If you’ve hiked the state’s parks or biked the rail trails, you’ve probably noticed an uptick in usage. During the pandemic, 45 percent of adults living in the Northeast reported increasing time spent in nature or outdoors, according to a study by a UConn professor. We may be drawn to the outdoors for the pretty scenery and fresh air, but it’s also good for our health.
Interacting with nature benefits physical health, psychological well-being, cognitive ability and social cohesion, studies show. And it doesn’t take much. In fact, a study involving 20,000 people in England showed people spending just two hours a week outdoors in forests, parks or other green spaces reported higher health and well-being levels than those who spent no time in nature or less than two hours a week. The benefits are the same, whether taken in one two-hour chunk or spread out over the week, and whether exercising or sitting.
Spending time in nature doesn’t require a trip to a state park. While most studies have compared time outdoors to time in urban settings, a few have quantified the psychological benefits of different types of nature, says Susan A. Masino, professor of applied science at Trinity College. “Gardening is definitely beneficial and its own type of immersion. They have even found a soil microbe … that seems to have antidepressant qualities,” she says.
How does time spent in nature impact our bodies and minds? It lowers blood pressure, stress hormone levels, anxiety and pulse rate and improves mood. Due to the pandemic, people have reported feeling higher levels of depression and anxiety, found Damion J. Grasso, a clinical psychologist and associate professor of psychiatry and pediatrics at UConn Health.
Studies involving those with a specific diagnosis reinforced findings from general population research. For example, a recent study found psychiatric patients who spent time gardening reported reduced feelings of isolation, improved moods, sense of calm and better social behavior. Another study with people with dementia found depression levels decreased by 10 percent, quality of life improved by 10 percent and agitation levels were cut in half after people spent time in a therapeutic garden. Even guided imagery, where someone closes their eyes and visualizes walking through a forest or on a beach, hearing the sounds and smelling the air can help people with migraine headaches treat the headache and cope with pain, says Dr. Deena Kuruvilla, a board-certified neurologist and director of the Westport Headache Institute. “Being in nature, experiencing nature, can be an effective way to complement the mainstream treatment that your doctor is giving you [for migraines],” she says.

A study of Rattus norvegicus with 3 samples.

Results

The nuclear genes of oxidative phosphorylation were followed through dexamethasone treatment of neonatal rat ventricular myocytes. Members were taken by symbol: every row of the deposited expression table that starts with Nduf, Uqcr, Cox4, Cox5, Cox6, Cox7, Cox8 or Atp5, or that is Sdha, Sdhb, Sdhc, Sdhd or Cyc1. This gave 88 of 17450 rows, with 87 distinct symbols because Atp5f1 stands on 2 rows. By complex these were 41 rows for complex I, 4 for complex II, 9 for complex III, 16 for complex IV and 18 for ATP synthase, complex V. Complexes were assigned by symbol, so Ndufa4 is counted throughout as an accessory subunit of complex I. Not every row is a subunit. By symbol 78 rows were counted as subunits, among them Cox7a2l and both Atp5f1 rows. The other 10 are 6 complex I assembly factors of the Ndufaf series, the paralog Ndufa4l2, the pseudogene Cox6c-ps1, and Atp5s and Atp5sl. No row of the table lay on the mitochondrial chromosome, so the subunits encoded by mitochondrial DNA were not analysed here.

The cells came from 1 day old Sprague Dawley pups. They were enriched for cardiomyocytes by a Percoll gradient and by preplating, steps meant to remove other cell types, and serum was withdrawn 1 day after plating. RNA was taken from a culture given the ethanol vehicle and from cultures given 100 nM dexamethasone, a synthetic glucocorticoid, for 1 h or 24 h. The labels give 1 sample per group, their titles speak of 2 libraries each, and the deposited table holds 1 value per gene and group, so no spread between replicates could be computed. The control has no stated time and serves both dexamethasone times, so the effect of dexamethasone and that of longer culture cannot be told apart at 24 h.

Even being indoors and observing nature through a window, looking at photos of natural settings, listening to the sounds of nature, smelling fresh air or having a plant can be beneficial, Masino adds. “Any way to pull in a little bit of connection to nature adds up.” Natural settings have a way of relaxing us not just because of how they look, but because of the sounds, smells and feel of a breeze or the warm sun. The whole is always best, Masino says, adding that the multi-sensory experience of forest bathing has been shown to have significant health benefits. “If you need to be on a call for work, or listening to a recording, and that is the only time you can get out in nature, do it,” she says. “There are a lot of people working from home now who may be able to spend bits of time here and there working from the woods. And these little bits of respite, small doses of nature, are a great benefit of the pandemic-induced shift in work culture.”
Pediatricians prescribe time in nature to their patients using the Park Rx app that locates green spaces near a patient’s ZIP code, including Dr. Leslie Sude, assistant professor of clinical pediatrics at the Yale School of Medicine and a Fair Haven Community Health Care pediatrician. Only about 30 percent of patients for whom she prescribed time in parks have reported “filling” the prescription, but the response from patients and their parents has been enthusiastic, she says. “Some patients need the added layer of a prescribed activity and the endorsement from a pediatrician which lends a sense of importance to the activity,” Sude says. She suggests parents spend time in nature with their children. She understands the pandemic leaves working parents even more squeezed, and the prescription for time in nature “creates an opportunity for them to spend time together away from technology and media.”
The U.S. health care system is set up to pay doctors to treat rather than prevent problems, but Bradford S. Gentry, professor in the practice of forest resources and management policy at the Yale School of the Environment, is working to change that. It would be better for people’s health, Gentry says, if they spent more time in nature to prevent mental and physical health conditions from deepening.